Hands on with Gangstar: West Coast Hustle on iPhone
Drop off those nickel GTA clones and prepare to pick up Gameloft's impressive dime piece
There's one thing that was made clear in our yesterday afternoon drive-by with Gangstar: West Coast Hustle, and it's this: damn, it's good to be a gangstar.
Gameloft's parody should have no problem bustin' a cap in competitors Payback and Car Jack Streets by virtue of its slick 3D graphics. The familiar controls and entertaining missions, however, are what promise to make this gang-banging action game our homeboy.
To be sure, improvements must be made to improve stability and polish up the controls, but we like how West Coast Hustle currently rolls.
Continuing directly from the events of Gangstar: Kings of LA, this iPhone follow up puts you in the low-riding jeans of a gang banger returning from the US-Mexican border to the city of angels, Los Angeles. Starting from nothing, you take on missions hustling hoes, delivering drugs, and roughing up the hombres in the neighbourhood on your way to the top. It's your typical coming-of-age gangster story.
What makes West Coast Hustle different is the third-person perspective. Unlike the unwieldy top-down views offered by competing titles, here you're in the thick of the action with full control over the view. A slide of your finger anywhere on the screen rotates the camera. It's seemingly insignificant, but the 3D mechanics ensure the game aligns itself with the most recent instalments of Rockstar's Grand Theft Auto.
The controls contribute to that appeal. A virtual analogue stick allows you control over your thug on foot, while action buttons on the right side of the screen enable you to jack vehicles and attack enemies. It's a setup that works extremely well, which isn't surprising given improvements since this interface was previously employed in Terminator Salvation.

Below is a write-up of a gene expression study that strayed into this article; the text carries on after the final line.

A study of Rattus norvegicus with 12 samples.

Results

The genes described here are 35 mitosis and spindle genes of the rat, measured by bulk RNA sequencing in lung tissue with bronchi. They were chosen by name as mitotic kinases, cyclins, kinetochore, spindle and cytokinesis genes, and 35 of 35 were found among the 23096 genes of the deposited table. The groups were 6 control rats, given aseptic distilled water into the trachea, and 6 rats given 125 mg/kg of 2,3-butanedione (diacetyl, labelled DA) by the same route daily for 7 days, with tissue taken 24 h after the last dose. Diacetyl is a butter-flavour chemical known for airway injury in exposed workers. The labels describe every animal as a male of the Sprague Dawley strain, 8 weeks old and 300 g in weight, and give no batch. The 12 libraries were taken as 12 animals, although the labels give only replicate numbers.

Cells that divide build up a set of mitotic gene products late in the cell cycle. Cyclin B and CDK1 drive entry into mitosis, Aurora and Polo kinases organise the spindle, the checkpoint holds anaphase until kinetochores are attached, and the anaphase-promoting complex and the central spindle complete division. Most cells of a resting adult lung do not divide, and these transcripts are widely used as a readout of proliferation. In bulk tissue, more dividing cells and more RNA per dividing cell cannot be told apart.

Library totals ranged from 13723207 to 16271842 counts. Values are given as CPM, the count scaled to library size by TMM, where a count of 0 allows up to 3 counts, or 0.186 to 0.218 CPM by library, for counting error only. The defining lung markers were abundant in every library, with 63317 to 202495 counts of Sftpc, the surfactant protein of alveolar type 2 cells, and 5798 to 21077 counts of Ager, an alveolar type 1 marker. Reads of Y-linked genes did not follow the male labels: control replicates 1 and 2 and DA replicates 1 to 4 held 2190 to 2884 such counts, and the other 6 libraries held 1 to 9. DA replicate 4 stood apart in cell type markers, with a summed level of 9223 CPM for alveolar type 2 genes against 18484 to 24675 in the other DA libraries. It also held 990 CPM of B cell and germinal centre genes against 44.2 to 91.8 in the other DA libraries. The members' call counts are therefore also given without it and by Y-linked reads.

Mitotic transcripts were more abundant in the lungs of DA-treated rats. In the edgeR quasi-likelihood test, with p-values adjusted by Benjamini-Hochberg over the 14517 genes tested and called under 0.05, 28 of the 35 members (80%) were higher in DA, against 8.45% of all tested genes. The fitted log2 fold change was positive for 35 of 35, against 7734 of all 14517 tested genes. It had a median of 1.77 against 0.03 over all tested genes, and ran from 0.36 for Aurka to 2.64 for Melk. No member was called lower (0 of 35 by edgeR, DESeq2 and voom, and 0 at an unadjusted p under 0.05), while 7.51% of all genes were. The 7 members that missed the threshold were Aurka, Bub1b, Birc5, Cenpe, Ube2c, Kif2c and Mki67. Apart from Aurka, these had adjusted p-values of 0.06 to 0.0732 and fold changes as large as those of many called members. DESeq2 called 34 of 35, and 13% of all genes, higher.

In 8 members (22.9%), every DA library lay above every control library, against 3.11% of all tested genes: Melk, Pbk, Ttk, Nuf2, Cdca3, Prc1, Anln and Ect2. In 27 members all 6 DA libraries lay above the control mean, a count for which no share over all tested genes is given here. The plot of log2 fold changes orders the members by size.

Driving offers three distinct control schemes, only one of which we took for a spin. The default setup involves sliding a horizontal pad on the left to steer, with acceleration and brakes applied via pedals on the right. We're told two additional options will be supplied: a virtual steering wheel and an accelerometer mode that translates tilts of your handset into turns.
By virtue of having played other Gameloft titles that utilise the same driving controls, we're generally okay with the default setting, although there's plenty of room for improvement. For example, use of a virtual analogue stick for steering would be fantastic. The option to turn on the accelerometer is intriguing, though we're hesitant to assume it's the ideal solution given that it isn't being billed as the default or preferred method of control.
Ultimately, what's important is that West Coast Hustle has controls that don't distract from the hilarious gameplay. Not having to fumble with the touchscreen means enjoying over-the-top missions.
One early task had us picking up a ('sex worker' - ed) and a client in a limousine, only to drive around downtown Los Angeles while they conduct business in the back. The goal is to keep the ride from getting bumpy while the pair get on with the bump 'n' grind.
Another mission much later in the game involves a serious scuffle with prison inmates that puts the combat controls to the test. Jamming on the attack button at the right lets the punches fly (or fires off a gun, if you have one equipped). Like Grand Theft Auto, you attack a target that is automatically selected based on the enemy closest to your position. It largely works, though we were unable to discern how to switch targets.
Even with these issues, West Coast Hustle already looks light years ahead of the open world action games available on iPhone.
Control - which has been a critical point of contention in Payback and Car Jack Streets - feels largely right here. Combine that with visual flair, an original soundtrack, laugh-out-loud missions and you've got a game worth spending some Gs on come August.